This seems to be the unwritten word of caution on a man with a lifestyle that involves a lot of stress, cigarette smoking, and excessive alcohol consumption. The same sign could be blinking brightly on men who are genetically susceptible to the hormone DHT (dihydrotestosterone). Lifestyle and genetics are the main answers why some men are more prone to hair loss or baldness.
A receding hairline and a balding crown are predominately observed in ageing men; however, this baldness pattern can also be developed by teenage or young adult males. In their case, genes and how they go about their daily activities are major factors that cause them to experience male pattern baldness earlier.
Dihydrotestosterone is an androgen (male hormone) by-product of testosterone (principal male hormone) acted upon by 5-alpha reductase enzymes. The one harmful effect of this androgen is damaging the hair follicles in the scalp; it renders the follicles useless and incapable of growing hair by blocking their nutrient absorption. By inheriting the ‘bad’ genes — that is, genetic susceptibility to DHT — guys tend to develop male pattern hair loss in their teenage years or twenties.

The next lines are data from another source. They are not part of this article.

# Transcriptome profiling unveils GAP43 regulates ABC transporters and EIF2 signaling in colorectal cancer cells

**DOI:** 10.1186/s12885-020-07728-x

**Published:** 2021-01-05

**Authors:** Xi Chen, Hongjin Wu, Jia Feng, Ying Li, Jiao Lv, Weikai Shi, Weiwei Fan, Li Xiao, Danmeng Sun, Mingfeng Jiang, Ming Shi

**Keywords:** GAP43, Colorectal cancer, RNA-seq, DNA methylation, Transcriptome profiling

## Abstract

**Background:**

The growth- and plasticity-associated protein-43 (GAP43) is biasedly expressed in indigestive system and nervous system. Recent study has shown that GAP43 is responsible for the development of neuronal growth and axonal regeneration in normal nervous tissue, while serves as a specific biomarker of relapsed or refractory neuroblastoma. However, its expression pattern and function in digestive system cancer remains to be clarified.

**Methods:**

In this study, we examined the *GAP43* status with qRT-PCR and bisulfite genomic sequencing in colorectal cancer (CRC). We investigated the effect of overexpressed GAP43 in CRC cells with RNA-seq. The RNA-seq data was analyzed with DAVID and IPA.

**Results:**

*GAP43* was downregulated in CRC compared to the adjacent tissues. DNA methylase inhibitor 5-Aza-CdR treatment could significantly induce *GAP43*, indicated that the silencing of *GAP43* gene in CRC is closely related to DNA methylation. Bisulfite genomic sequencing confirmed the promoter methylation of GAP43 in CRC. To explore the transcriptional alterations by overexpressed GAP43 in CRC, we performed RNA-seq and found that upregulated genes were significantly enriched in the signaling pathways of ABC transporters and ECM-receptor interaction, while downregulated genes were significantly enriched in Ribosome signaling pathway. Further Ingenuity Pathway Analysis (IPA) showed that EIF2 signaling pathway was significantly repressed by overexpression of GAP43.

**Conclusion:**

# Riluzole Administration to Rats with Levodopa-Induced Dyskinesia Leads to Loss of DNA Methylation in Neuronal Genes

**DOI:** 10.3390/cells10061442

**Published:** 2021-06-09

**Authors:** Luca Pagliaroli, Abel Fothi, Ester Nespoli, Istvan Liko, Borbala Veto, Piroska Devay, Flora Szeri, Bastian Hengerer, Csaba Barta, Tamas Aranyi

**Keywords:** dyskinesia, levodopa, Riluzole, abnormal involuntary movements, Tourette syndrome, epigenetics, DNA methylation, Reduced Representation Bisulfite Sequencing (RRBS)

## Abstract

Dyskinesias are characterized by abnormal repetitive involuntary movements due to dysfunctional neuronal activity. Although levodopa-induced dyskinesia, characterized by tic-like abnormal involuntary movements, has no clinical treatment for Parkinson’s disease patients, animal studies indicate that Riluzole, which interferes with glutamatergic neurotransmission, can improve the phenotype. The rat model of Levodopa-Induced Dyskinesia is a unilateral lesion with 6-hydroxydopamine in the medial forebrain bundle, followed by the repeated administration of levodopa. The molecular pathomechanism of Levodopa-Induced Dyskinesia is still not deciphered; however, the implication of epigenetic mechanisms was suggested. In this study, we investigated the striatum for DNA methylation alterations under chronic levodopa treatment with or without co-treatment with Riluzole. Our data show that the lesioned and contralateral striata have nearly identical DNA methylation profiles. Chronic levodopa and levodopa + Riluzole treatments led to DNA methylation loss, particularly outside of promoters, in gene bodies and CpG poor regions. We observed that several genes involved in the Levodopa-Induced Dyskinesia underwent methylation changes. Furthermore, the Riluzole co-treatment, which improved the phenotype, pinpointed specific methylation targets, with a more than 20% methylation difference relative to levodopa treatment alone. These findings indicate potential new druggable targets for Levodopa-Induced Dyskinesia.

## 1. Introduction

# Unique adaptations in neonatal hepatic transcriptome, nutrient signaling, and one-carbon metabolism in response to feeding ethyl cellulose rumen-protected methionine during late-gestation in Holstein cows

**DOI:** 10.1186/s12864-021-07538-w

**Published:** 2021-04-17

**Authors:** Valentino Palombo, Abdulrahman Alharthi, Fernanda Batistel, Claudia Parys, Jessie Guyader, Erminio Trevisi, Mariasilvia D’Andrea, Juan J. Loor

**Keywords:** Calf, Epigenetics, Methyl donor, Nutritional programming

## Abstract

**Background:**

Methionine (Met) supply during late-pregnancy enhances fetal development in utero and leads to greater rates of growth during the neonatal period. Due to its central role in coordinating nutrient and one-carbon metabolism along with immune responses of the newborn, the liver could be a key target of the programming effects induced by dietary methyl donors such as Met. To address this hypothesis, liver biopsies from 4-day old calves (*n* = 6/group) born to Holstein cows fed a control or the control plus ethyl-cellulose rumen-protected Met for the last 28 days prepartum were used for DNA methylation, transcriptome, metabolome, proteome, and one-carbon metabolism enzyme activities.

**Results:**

With the lifestyle factor, we know of young guys who already took the habit of smoking and all-night partying and we know of male yuppies whose stress levels almost always skyrocket. Smoking disrupts the normal blood circulation, through which nutrients travel towards the hair follicles; hence, disrupted blood flow equates to eventual baldness due to the scalp follicles lacking nourishment. Stress, on the other hand, prematurely pushes the hair follicles into their resting stage (the hair-shedding phase of the hair growth cycle).
These two causal factors explain why hair loss or baldness is no longer limited to ageing men. Now, it’s no mystery why men fret getting bald, and that is because hair loss is always associated with ageing. There’s also no denying that an M-shaped hairline adds years to a supposed youthful face.